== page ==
I have an alarm that goes off on my phone every work day. At 10:02 my phone beeps and reminds me to pray to the Lord of the Harvest to send workers into his field. This is because of Jesus’ famous command in Luke Chapter 10 verse 2:
“He told them, “The harvest is plentiful, but the workers are few. Ask the Lord of the harvest, therefore, to send out workers into his harvest field.”
It’s a wonderful thing to be reminded almost daily that God has people who are ready to hear about Jesus. People who will rejoice in the good news of Jesus being King and Saviour and place their faith in him. It’s also a wonderful reminder that God wants to use people to bring in the harvest. That it has always been God’s plan to send people to other people. I hope you too will be encouraged as you obey Jesus’ command to pray.
Our problem though is that when we pray for “workers” we think “missionary”. We think minister or Youth Leader or Billy Graham. We think “Anyone but me Lord!” My sister is a missionary in Africa and she would love prayer for more people to go and live where she lives and share the gospel with the Yao people. But this prayer is in no way restricted to missionaries.
I want to take a moment to help us understand how this verse applies to us. Too often, this is how we approach this verse:
We imagine a field in the distance. You are looking down at it from a nice air-conditioned building, where you sit by a large window. The field is bright yellow and the wheat is really tall. It’s a sunny day and the grain has grown so heavy on the head of the wheat that it’s beginning to bend over. If it’s not picked soon, it’s going to fall to the ground and be wasted. And from your birds-eye view you can see a few people, wearing hats to protect them from the sun. And they have baskets that they are slowly filling up. But the field is huge. They’ll never get it done.
Now you sense the urgency of the situation. You realise these people need some help. So you stop looking out the window and put down your icy lemonade, and you call over your shoulder to the person who owns the field – “hey – they need some help down there!” Then satisfied you go back to sipping your lemonade through your straw.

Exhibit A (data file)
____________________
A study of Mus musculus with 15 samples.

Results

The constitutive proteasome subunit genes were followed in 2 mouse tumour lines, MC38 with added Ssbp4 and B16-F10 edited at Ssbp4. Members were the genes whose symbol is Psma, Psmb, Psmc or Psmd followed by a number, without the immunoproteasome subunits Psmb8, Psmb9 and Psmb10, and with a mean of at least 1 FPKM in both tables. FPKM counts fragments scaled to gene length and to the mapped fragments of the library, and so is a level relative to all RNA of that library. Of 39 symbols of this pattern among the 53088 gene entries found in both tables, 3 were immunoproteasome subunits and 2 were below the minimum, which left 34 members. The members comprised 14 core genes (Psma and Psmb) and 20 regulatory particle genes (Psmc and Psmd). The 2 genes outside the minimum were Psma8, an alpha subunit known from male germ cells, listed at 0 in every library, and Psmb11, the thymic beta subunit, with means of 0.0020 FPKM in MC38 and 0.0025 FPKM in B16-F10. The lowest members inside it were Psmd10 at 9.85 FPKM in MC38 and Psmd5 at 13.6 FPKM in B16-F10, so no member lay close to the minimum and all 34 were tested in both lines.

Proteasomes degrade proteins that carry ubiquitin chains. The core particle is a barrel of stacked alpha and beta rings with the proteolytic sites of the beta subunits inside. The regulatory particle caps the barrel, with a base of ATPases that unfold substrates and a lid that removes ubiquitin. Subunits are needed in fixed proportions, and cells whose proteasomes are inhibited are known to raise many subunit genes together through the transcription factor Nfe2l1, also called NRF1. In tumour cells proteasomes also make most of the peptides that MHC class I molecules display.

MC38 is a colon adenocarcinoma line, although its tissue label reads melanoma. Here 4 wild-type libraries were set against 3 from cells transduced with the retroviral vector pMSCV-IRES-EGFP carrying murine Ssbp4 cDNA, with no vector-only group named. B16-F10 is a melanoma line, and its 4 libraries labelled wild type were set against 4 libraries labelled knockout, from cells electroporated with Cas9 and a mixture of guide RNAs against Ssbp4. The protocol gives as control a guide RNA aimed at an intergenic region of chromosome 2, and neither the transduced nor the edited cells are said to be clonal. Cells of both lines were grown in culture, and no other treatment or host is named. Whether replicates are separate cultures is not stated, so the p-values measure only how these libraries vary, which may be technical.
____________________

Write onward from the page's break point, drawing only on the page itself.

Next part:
But this view is all wrong. We aren’t looking down at the field. We are in the field.
Imagine this instead: You are standing amongst the wheat. It’s bright yellow and the stalks are as tall as you. They brush against your cheek as you walk around. The smell of fresh grain is everywhere and every now and then you pick some, rub it between your fingers and eat it. Your hat keeps the hot sun from your face but the basket in your hand is getting heavy. As you pause to look around you feel overwhelmed. The harvest is so plentiful; you realise you will need more help to get it in.
In the distance you see an air-conditioned house. As you squint up into the sunlight it looks like the house is packed. Every room is full of people drinking icy lemonade. And you call out to the owner of the field – “hey- I need some help here. Can you send those people down?”
We are praying for workers from the field. Are baskets are full and the task is urgent. We need other Christians to come join us, and for others to believe and join us in harvesting.
The harvest is ready. It’s in our workplace, it’s in our street, it’s in our Youth and our schools and our sporting club. And if you pray for workers, you aren’t praying for missionaries, you are praying for the Christians in your neighbourhood. Everyday people who know the saving grace of Jesus. And once you get started, you are going to realise how vast the harvest is and you are going to call out to God, to ask him to send someone to help you harvest.
Why? Because the task is urgent. There is limited time and we want to get the harvest in. We need to pray for workers to join us in Jesus’ mission of bringing in the harvest.